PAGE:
Use Computer Presentations Like A Pro

Remember slides? Those transparent things we used to use with an overhead for presentations? Chances are you can remember this kinder, gentler technology. Today, we live in an age of PowerPoint and computer projectors. Technology is a wonderful thing, but it must be respected. To make the most of it, use these simple tips.

Keep It Simple. With the font libraries and color spectrums available today, you might be tempted to use a little of this or a little of that to “spice” up your presentation. Don’t. Use no more than six colors on each slide. Use no more than two fonts and use them for separate functions. For example, use one for titles and the other for bulleted items.

Special Effects. You want to use special effects to enhance your presentation, not win an Oscar for effects that could give Star Wars a run for its money. Too many animations can leave your audience feeling woozy. Use effects to keep your audience entertained during transitions. For example, a partial build will allow you to reveal one point at a time.

Put yourself in their shoes. Once you have your computer and projector set up, walk to the back of the room to ensure each person will be able to see the screen – and read what’s on it.

Stand on the left. Standing on the left puts you in a natural place for people reading the screen. As people’s eyes return to the left (reading from left to right), they can see you and read the presentation. For languages that are reversed, stand to the right.

Don’t be caught in the dark. You are the show. Your audience needs to be able to see you and hear you. Ensure that you aren’t in the dark when the lights go out. To keep yourself in the light while keeping the screen in the dark, you might need to unscrew light bulbs above the screen or use dimmer lights.

Screen Savers. A presentation is no time for screen savers. Make sure you turn your screen savers off so your presentation won’t be interrupted.

Compatibility. Make sure your projector and computer are speaking the same language. Some projectors will project a smaller image based on increased resolution. Some computers aren’t compatible with some projectors. Before you show up for a presentation where you will be “borrowing” a projector, do your research. Better yet, bring your own.

Use a gadget. Using a remote mouse will give you the freedom to get away from the computer and get in front of your audience. For more umph!, use a laser pointer to point out main points in your presentation.

Arrive Early. Nothing can botch a presentation quicker than technological malfuncations. Arrive early and test everything – twice!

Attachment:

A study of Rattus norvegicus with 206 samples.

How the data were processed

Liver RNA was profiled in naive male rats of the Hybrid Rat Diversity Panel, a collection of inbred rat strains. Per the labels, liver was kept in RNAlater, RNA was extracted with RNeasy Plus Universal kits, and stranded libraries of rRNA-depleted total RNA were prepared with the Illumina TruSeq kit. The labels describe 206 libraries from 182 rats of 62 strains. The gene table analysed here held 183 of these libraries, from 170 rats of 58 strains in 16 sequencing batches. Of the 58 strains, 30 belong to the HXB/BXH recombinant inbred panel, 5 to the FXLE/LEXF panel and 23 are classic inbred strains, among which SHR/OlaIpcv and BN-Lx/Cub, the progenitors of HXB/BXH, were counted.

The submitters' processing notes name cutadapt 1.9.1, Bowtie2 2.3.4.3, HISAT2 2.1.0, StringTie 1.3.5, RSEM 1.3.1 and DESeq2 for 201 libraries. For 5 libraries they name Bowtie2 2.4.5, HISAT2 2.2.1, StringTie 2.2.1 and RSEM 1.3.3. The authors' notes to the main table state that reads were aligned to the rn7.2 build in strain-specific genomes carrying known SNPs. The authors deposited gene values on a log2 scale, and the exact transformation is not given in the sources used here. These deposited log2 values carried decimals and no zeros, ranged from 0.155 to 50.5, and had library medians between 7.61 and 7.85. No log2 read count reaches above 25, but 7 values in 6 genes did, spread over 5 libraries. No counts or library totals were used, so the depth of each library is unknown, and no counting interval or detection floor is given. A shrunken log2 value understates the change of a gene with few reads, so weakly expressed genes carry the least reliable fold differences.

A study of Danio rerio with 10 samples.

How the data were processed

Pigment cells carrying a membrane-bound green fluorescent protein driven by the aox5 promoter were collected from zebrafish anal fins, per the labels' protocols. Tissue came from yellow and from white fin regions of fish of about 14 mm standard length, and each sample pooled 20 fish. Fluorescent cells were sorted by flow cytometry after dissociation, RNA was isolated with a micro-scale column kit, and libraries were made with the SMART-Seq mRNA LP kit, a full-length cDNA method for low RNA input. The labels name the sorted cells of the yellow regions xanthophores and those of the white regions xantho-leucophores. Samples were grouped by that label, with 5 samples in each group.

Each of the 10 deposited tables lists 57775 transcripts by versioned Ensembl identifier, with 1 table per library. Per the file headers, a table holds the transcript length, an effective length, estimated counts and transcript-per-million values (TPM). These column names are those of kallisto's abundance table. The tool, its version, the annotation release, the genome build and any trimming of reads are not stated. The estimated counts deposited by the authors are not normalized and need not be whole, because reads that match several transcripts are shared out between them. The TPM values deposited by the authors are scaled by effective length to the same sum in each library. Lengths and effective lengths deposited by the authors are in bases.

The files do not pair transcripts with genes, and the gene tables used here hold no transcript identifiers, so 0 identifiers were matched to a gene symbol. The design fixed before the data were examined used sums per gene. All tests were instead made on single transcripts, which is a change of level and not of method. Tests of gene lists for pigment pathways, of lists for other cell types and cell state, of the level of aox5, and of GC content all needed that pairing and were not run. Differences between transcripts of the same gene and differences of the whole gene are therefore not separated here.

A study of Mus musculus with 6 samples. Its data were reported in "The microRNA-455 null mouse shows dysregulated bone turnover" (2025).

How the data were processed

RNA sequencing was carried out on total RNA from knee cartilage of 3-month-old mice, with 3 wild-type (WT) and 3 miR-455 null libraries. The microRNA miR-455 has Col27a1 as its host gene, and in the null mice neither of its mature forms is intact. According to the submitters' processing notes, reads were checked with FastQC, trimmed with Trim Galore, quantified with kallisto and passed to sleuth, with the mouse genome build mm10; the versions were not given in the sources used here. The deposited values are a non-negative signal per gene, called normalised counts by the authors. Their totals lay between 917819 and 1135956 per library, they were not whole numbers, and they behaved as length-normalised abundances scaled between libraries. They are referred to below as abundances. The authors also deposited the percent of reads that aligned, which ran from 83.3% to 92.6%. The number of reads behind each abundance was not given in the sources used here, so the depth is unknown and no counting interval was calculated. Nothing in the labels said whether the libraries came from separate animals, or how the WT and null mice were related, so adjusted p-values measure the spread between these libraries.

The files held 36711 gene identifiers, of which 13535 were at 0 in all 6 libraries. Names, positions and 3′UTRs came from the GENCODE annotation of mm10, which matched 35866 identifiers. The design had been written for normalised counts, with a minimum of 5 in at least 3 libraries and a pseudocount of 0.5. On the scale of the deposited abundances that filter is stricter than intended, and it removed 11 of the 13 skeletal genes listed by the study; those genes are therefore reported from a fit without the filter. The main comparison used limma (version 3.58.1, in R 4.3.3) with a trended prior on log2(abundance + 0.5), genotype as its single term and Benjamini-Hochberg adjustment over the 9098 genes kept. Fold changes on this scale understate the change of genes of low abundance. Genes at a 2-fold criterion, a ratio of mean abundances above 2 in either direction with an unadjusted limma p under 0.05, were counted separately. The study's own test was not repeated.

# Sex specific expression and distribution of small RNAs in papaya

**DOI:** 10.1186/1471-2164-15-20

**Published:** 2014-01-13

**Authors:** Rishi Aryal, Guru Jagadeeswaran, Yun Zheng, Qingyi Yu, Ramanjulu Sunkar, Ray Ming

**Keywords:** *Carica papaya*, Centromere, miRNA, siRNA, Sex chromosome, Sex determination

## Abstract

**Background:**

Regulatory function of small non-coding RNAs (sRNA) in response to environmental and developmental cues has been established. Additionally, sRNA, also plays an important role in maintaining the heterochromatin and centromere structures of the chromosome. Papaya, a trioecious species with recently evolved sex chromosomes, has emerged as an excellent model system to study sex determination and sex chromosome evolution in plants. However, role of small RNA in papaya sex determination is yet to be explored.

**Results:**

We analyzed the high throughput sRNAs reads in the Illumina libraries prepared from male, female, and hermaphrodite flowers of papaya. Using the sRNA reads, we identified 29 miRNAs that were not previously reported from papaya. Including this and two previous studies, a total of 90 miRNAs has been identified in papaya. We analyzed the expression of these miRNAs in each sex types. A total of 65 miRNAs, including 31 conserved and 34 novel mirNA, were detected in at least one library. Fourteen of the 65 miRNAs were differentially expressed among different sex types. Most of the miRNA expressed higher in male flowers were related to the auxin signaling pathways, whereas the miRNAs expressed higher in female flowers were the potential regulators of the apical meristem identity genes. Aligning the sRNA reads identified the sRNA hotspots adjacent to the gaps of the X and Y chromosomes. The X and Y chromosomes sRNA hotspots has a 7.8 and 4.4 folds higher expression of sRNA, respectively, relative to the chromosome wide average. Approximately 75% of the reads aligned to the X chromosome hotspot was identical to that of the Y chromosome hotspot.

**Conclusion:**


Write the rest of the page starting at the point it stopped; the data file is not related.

Have fun! Presentations are fun. They are hi-tech. Enjoy this technology knowing you have it completely under control.

You may like these other stories...

Event Date: May 29, 2014 In this presentation Excel expert David Ringstrom, CPA brings you up to speed on the Excel feature you should be using, but probably aren't. The Table feature offers the ability to both...
No field likes its buzzwords more than technology, and one of today's leading terms is "the cloud." But it's not just a matter of knowing what's fashionable. Accounting professionals who know how to use...
There is a growing trend of accountants moving away from traditional compliance work to more advisory work. Client demand is there, but it is up to the accountants to capitalize on that. What should accountants' roles be...

Upcoming CPE Webinars

Apr 22
Is everyone at your organization meeting your client service expectations? Let client service expert, Kristen Rampe, CPA help you establish a reputation of top-tier service in every facet of your firm during this one hour webinar.
Apr 24
In this session Excel expert David Ringstrom, CPA introduces you to a powerful but underutilized macro feature in Excel.
Apr 25
This material focuses on the principles of accounting for non-profit organizations' revenues. It will include discussions of revenue recognition for cash and non-cash contributions as well as other revenues commonly received by non-profit organizations.
Apr 30
During the second session of a four-part series on Individual Leadership, the focus will be on time management- a critical success factor for effective leadership. Each person has 24 hours of time to spend each day; the key is making wise investments and knowing what investments yield the greatest return.